Senior CEPS staffs hold conference

By GNA

The four-day conference, under the theme: "Overcoming obstacles to better conditions of service - imperatives and challenges", will review the performance of the Association in the past year and examine possible ways of improving performance and creating and maintaining a better working environment to enhance revenue collection. Mr. Larweh, a Senior Collector, said the Association was at a loss as to why the Government had chosen Takoradi Port as the only approved route for the importation of textiles, "when we know that there is a large market for textile trade between Togo and the Volta Region".

Mr. Larweh that the nation was losing so much in revenue collection since the new directive, as most traders were using other unapproved routes to import textiles into the country and called for a second look at the policy.

He said the large over-aged and seized cars parked at Tema Port and the Airport barracks were a huge potential source of revenue, which the government must turn into liquid cash immediately by enacting the appropriate legislation to support it.

Mr. Larweh said the Service was supposed to collect 12.6 trillion cedis this year alone to help the government finance developmental projects, but said this herculean task could be achieved without available corresponding inputs.

He complained that the Service had no offices in most of the regional capitals, no vehicles with which to go on patrols, nor encouraging remuneration packages, among others.

The national chairman however, noted that with all the challenges facing the Service, its staff had not "thrown in the towel yet," saying one of the major objectives of the Association was to help management realize the annual targets that government had set for the Service.

Mr. Larweh appealed to senior staff of the Service to increase their supervision of junior officers to eliminate greed and corruption. He referred to the Security and Intelligence Agency Act 1996 (Act 526) making the Police Service and all employees of Security Agencies, including CEPS entitled to retirement benefits and appealed to Government to put the service back on Cap 30.

Major General Richardson E. Baiden, Commissioner of CEPS in a speech read for him reiterated the fact that, "our future is in our hands" and urged them to eschew negative practices that undermined revenue collection efforts.

"Members of the Association must see themselves as part of management and strive to recognize the necessity of good governance buttressed by the principles of transparency, honesty, sound management principles, honesty and commitment to duty.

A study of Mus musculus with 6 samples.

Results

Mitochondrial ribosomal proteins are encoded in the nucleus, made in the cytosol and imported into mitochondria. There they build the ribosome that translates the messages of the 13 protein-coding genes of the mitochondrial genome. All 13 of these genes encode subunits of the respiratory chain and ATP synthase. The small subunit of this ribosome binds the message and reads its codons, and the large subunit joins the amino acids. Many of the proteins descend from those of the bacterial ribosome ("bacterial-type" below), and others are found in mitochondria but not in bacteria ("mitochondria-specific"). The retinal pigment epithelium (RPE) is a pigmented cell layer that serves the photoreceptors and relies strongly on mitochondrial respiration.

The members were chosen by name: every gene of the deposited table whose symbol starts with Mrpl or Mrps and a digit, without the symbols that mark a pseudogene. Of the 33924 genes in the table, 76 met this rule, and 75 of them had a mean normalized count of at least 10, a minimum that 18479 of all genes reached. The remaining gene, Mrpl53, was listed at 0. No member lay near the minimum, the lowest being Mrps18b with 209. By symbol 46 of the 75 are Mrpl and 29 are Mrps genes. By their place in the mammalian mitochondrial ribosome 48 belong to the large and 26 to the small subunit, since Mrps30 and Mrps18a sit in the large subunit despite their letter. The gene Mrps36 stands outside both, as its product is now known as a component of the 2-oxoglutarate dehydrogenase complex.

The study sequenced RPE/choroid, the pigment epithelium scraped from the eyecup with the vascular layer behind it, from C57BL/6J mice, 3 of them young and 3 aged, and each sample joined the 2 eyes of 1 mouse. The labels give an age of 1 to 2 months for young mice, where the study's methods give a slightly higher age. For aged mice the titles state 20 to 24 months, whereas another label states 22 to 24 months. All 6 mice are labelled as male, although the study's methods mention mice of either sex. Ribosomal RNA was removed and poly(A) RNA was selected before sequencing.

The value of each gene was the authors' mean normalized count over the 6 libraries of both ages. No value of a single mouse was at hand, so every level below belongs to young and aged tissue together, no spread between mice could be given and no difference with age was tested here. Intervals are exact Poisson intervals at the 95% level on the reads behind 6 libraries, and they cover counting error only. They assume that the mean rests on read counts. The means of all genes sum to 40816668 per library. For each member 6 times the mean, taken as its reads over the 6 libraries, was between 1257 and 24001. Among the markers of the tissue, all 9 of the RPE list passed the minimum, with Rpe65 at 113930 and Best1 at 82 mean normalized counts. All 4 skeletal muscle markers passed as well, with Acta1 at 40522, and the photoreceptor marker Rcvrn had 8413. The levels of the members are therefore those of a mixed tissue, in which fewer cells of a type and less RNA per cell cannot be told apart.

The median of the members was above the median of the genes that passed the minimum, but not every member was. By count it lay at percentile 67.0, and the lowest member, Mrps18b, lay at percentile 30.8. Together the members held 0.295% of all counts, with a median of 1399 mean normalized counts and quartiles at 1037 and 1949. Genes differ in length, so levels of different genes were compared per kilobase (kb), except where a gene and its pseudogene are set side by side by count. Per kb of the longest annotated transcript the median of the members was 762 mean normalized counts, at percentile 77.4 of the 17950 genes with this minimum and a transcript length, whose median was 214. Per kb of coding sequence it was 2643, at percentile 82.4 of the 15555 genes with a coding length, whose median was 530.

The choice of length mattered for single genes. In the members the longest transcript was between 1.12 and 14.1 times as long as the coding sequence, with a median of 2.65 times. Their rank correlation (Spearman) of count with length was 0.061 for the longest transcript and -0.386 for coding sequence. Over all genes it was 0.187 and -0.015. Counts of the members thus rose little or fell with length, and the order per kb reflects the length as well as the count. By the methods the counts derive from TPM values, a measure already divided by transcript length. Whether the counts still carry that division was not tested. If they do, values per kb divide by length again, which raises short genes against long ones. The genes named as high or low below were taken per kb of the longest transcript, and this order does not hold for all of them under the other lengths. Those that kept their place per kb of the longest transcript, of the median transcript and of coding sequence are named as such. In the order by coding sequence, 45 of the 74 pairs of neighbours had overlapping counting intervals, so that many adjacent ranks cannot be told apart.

"We need to change our mindsets where CEPS is seen as a gold mine", he added and asked them to support management in pursuing strategies in support of national policy measures aimed at revamping the private sector and reducing poverty.

Brigadier Richardson asked the senior staff to adopt measures that would enhance staff effectiveness, staff satisfaction and career opportunities, stressing that these could be achieved if they allowed the creation of an atmosphere where industrial democracy thrived. Major Gen. Baiden noted that the Association had been very supportive of management, saying they were not oblivious of the obstacles and challenges that confronted the Service. In an address read for him, Nana Kwadwo Seinti, Brong-Ahafo Regional Minister reminded the senior staff of their responsibility and urged them to always let dedication and patriotism be their hallmark in the performance of their duties.

He said the Service was the first line of defence of the national economy and security and their failure to live up to their responsibilities would definitely lead to chaos, not only for the running of the government machinery but in the import and export business.

In a welcoming address, Mr. Imoru Farouk Adams, Sunyani Sector Commander of CEPS said the current crisis in Cote d'Ivoire had crippled the once booming cross border trade existing between Ghana and Cote d'Ivoire, resulting in a sharp decline in the Service's revenue collection.

"The deplorable state of roads leading to the frontier stations, especially during the rainy season in its attendant rate of accidents have continued to discourage importers from doing business through the collection", he said.

Mr. Adams appealed to the Regional Minister to put the construction of the roads leading to the frontier stations high on the agenda to reverse the trend.

He said the Sunyani Collection covered the whole of the political region of Brong-Ahafo and the Oseikojokrom sub-sector in the Western Region. The Collection comprised nine stations namely the Sunyani office, Gonokrom, Sampa, Kwameseikrom, Oseikojokrom, Nkrankwanta, Kofibadukrom, Yaakrom and Atuna frontier stations.